The Government has been given insufficient credit for respecting the Reserve Bank's independence and refusing to intervene to exempt first-home buyers from new mortgage lending restrictions.
But it deserves very little for the FirstHome policy announced on Tuesday. The Labour Party's description of it as a "desperate sideshow" seemed particularly apt. More than anything, the policy provided palpable evidence of the extent to which the Government sees itself on the back foot over the issue of housing affordability.
The FirstHome initiative, introduced, far from coincidentally, on the same day as the Reserve Bank's limit on low loan to value ratio loans took effect, will see some first home-buyers gifted a 10 per cent deposit - as much as $20,000 - to help them buy vacant state houses. There are a couple of catches, however. These make it of virtually no interest to the vast majority of the first home-seekers who regard themselves as locked out of the Auckland market, particularly, by the Reserve Bank restrictions.
One is that the 400 unwanted state houses are all in provincial centres. There are none in Wellington or Christchurch, let alone Auckland. That rules out buyers who cannot, because of job availability, work in the provinces and others who do not want to live there. There are good reasons why these houses are vacant. Indeed, most lie in areas where, by and large, there is much less of a housing affordability problem.
A further condition is that buyers cannot earn more than the average wage, $53,000 a year , or $80,000 as a household. That will eliminate other potential purchasers. The upshot is that very few of the buyers will be the young first-home seekers in Auckland who are now required to stump up a 20 per cent deposit to get their mortgage approved. It is far more likely that the beneficiaries will hail from other age groups.
They may, for example, be retirees who have never owned their own home and see no problem in shifting from one of the main centres to Northland, Waikato and the central North Island, the location of most of the vacant state houses. They will also have no problem living in the house they buy for three years, a requirement designed to prevent speculation.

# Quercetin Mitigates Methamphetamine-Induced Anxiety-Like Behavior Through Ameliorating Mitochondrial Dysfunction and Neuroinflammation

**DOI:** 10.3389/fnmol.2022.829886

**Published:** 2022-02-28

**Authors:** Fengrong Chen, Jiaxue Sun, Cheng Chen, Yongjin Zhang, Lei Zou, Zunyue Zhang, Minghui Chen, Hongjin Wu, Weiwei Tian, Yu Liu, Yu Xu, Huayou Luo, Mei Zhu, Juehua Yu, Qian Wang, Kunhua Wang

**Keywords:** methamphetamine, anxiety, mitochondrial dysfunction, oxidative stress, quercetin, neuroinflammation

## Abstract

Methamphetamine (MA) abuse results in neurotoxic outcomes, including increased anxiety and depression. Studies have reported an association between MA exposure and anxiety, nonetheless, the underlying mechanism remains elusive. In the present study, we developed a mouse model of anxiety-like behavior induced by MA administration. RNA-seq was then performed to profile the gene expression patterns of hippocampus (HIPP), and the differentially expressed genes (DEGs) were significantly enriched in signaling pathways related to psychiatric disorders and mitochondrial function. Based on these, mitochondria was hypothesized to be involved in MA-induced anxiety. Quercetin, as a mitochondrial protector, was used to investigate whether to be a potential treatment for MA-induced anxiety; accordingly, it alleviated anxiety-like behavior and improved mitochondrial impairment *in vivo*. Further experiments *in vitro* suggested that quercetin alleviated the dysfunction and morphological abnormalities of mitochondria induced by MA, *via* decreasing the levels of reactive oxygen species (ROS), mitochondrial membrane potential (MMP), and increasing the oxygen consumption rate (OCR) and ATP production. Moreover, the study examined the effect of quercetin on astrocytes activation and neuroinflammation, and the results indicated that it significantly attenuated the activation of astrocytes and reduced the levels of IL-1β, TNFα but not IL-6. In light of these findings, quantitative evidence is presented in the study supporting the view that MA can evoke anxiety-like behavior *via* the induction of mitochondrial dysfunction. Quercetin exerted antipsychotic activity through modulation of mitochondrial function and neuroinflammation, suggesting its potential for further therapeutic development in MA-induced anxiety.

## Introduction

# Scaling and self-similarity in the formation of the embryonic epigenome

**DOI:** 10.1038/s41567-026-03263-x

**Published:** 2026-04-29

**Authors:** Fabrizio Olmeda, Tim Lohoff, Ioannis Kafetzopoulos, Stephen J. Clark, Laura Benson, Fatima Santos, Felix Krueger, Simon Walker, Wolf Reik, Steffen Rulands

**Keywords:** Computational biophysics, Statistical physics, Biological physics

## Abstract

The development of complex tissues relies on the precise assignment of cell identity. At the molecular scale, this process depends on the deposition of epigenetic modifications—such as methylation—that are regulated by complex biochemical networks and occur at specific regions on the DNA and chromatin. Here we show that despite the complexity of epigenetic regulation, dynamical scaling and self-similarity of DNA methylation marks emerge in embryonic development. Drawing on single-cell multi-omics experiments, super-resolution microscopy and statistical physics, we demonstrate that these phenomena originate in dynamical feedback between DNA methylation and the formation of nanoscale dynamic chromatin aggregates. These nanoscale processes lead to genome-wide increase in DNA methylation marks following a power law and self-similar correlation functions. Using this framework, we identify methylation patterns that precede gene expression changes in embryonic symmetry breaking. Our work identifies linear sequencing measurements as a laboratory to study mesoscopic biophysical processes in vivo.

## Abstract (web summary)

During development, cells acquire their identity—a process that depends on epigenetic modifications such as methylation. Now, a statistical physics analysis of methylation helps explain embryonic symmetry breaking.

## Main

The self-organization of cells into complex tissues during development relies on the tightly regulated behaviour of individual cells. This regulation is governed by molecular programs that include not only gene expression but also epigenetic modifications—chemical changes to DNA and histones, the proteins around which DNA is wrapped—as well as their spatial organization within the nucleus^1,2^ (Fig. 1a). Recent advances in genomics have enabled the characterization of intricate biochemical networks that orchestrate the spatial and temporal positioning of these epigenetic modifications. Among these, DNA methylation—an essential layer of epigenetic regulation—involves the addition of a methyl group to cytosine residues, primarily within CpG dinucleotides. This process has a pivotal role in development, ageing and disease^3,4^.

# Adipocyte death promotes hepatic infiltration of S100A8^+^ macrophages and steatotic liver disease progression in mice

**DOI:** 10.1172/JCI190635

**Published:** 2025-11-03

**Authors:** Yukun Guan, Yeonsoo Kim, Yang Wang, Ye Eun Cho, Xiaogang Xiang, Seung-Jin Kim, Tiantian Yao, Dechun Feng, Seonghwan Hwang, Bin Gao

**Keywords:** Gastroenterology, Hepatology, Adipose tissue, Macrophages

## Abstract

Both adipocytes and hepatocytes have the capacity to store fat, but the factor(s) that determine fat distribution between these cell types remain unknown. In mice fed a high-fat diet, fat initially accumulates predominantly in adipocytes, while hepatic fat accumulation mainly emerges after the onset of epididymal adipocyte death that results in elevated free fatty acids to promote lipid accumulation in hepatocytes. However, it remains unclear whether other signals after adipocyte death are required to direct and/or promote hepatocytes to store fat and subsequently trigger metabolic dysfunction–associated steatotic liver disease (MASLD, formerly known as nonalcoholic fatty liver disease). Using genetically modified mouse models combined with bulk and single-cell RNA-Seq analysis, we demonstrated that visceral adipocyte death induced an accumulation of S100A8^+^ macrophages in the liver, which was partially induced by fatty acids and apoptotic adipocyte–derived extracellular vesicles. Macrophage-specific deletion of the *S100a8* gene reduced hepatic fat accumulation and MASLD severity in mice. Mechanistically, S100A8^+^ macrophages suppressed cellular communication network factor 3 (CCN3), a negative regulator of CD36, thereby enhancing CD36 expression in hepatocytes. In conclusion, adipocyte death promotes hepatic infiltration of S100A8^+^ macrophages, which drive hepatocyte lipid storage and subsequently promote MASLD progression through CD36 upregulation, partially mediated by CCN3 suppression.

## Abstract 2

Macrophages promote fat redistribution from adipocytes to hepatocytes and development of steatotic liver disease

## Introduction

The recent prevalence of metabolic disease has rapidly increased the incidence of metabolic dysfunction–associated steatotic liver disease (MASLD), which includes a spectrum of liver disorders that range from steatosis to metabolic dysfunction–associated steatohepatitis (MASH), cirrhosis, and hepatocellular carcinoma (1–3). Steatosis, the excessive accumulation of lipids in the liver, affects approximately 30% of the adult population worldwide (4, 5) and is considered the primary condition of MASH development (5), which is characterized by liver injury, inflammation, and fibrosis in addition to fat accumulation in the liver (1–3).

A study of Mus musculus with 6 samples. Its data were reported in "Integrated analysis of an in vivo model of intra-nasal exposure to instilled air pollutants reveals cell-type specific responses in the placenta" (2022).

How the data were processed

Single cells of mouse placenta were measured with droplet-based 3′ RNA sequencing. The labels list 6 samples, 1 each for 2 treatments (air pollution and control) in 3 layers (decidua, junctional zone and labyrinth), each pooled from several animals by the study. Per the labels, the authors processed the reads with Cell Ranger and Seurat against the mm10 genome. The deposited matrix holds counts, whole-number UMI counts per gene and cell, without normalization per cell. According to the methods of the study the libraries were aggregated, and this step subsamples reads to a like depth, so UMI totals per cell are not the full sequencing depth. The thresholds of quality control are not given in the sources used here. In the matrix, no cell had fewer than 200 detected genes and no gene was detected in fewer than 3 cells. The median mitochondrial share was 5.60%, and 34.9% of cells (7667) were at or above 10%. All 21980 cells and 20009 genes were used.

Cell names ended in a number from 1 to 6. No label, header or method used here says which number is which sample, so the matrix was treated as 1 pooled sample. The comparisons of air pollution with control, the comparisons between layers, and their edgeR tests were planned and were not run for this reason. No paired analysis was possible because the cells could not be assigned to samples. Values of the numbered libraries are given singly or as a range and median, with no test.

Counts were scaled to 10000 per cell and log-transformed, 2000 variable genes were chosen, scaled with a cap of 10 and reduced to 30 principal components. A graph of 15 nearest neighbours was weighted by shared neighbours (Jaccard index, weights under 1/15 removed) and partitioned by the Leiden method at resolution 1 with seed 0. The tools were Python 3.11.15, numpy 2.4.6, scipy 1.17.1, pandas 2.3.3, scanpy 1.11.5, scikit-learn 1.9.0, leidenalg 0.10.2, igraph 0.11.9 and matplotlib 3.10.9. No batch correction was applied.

The policy's shortcomings do not end there. The Housing Minister, Nick Smith, says the sales will free up capital to invest in new state houses in high-demand areas such as Auckland, Wellington and Christchurch. This would help ensure state houses were "in the right place, are of the right size and are of good quality". That ambition is, obviously, worthy. Unfortunately, the location of these properties will considerably limit their contribution to that drive. And any savings in rates, maintenance and repairs on the empty homes will be offset by the purchase subsidy. Indeed, Housing New Zealand expects to make a loss of $152,000 on the first 100 homes to be sold.
This, then, is hardly a lifeline for first-home seekers. Nor is it a lifeline for a Government whose housing policy also includes changing the Resource Management Act to free up land and increasing the eligibility for KiwiSaver first-home subsidies and the Welcome Home loan. Labour's new leader, David Cunliffe, erred badly in saying he would not allow the Reserve Bank to include first-home buyers in its mortgage lending restrictions.
But his party's support for a capital gains tax and a low-cost home building programme suggests both a greater appreciation of young home-seekers' frustration and a more effective way of bringing house prices down. The FirstHome initiative merely reinforces the impression of a Government struggling to find anything like the right answers.